Batterie Todt – turm 4

Turm 4 of the Batterie Todt - Elegant and beautiful.

Address:
Route du Musée, 62179 Hameau de Haringzelle - Audinghen, France


Turm 4 specific:
Latitude: 50.83966
Longitude: 1.59458



When driving into the Audinghen area from any direction the D 940 road will lead you to the Batterie Todt museum and associated turms.

Turm 4 is located past the woods to the north west. There is a wooden fence and then a small path that will take you to the ruins. Be extremely careful when entering this site and proceed at your own risk.

I strongly suggest that you take someone with you and that you wear a pair of hiking boots as the inside even in the summertime is wet and muddy. You also will need a flash light to walk around the lower levels. All areas are accessible but dark, be smart. There are some beautiful and original frescoes that were painted by the German soldiers that were garrisoned here during the second world war. Sadly most of these have been covered up in part or in whole by graffiti, though you can still see through the art work that lies there.

Click to enlarge map



A set of country signs introducing you to the Cap de Gris Nez area and Haringzelle, Turm 4 lies to the west of these signs.

All photographs on this visit were taken on July 12th, 2016 and are subject to copyright. Please be respectful and do not copy them for your own personal or professional use. If you would like to contact the photographer and admin of this web site please e-mail admin@germanbunkers.com

I used two different cameras on the 2016 visit. The Nikon Coolpix 35mm and the Apple iPhone Six S Plus.

Turm 4 - left side looking up

Turm 4 - another shot of the left side

Turm 4 - looking to the right and somewhat overgrown

Turm 4 - The construction stamp still in place after all these years

Turm 4 - the entrance to this behemoth - If only this entry way could talk!

Turm 4 - see what I mean about the mud? - That stairs to the right leads to the gun emplacement

Turm 4 - the entrance way to the gun room, look carefully at that vertical cutaway in the door frame, that is where the shells were led through via the winched system attached to the ceiling

Turm 4 - one of the doors that lead the circumference of the batterie

Turm 4 - those rusted steel frames once held a steel door for each section of the hallway

Turm 4 - A very important look at the functions of this room. The steel rail in the ceiling would carry the shells the length of the room to that vertical cutaway in the door frame. From there it would lead to the gunners at the gun emplacement. Note the German iron cross to your left.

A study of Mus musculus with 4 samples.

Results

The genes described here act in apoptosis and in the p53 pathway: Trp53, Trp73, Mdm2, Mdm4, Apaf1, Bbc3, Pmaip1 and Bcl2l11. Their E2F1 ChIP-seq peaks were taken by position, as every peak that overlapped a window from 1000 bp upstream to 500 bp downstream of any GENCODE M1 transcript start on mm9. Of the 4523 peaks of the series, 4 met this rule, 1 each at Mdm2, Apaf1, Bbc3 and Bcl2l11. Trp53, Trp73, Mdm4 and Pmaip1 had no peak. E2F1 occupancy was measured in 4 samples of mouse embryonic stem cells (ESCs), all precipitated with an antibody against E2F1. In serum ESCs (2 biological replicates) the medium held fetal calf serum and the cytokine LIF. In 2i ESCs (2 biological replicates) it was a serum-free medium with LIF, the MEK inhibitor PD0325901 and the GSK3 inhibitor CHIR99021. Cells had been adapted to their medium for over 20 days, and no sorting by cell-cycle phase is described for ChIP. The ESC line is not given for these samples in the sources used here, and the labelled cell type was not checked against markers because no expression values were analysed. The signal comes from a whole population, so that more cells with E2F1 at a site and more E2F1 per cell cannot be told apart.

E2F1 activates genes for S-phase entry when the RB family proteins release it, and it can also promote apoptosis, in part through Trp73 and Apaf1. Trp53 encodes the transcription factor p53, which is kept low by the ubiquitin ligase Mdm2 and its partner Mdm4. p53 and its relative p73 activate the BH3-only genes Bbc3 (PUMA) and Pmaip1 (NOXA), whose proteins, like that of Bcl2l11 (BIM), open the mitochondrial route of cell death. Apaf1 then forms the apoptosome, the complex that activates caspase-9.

Turm 4 - wear your wellies! - the muddy path that leads to the gun emplacement

Turm 4 - "LICHT" - translates to light in German. If you look above the lettering this is where the large light switch would have been in place.

Turm 4 - A nice close-up of the light switch. It's very dark in downstairs in the batterie so make sure you have flashlights and the right lighting for your camera.


Turm 4 - fresco and one of the few that has not been destroyed by graffiti. To the left a painting of Winston Churchill and above right the translation is "how much longer". Referring to the the invasion of allied forces in the Pas de Calais area, it never came.
Turm 4 - a close-up shot of the Churchill Fresco with another above to the top right.
Turm 4 - another fine fresco that has been destroyed by graffiti artists. This one reads "towards" or "against" England. The Kriegsmarine banner still visible to the left and attacking aircraft to the right.

Turm 4 - This is the firing chart for the Lindemann Batterie but is displayed here at the Batterie Todt museum. The Lindemann batterie was one of the finest examples of the Atlantik Wall in existence and was located in the Sangette area of Calais. The tragedy behind this iconic structure and it's associated turms is that it now lays beneath a massive man made lake! When the channel tunnel was being built the engineers needed to find a place to bury the massive amount of debris or spoil as it's called from the tunnel construction project and tragically the location was chosen right where the batterie stood. So the massive casemates that stood here are now beneath tons of debris!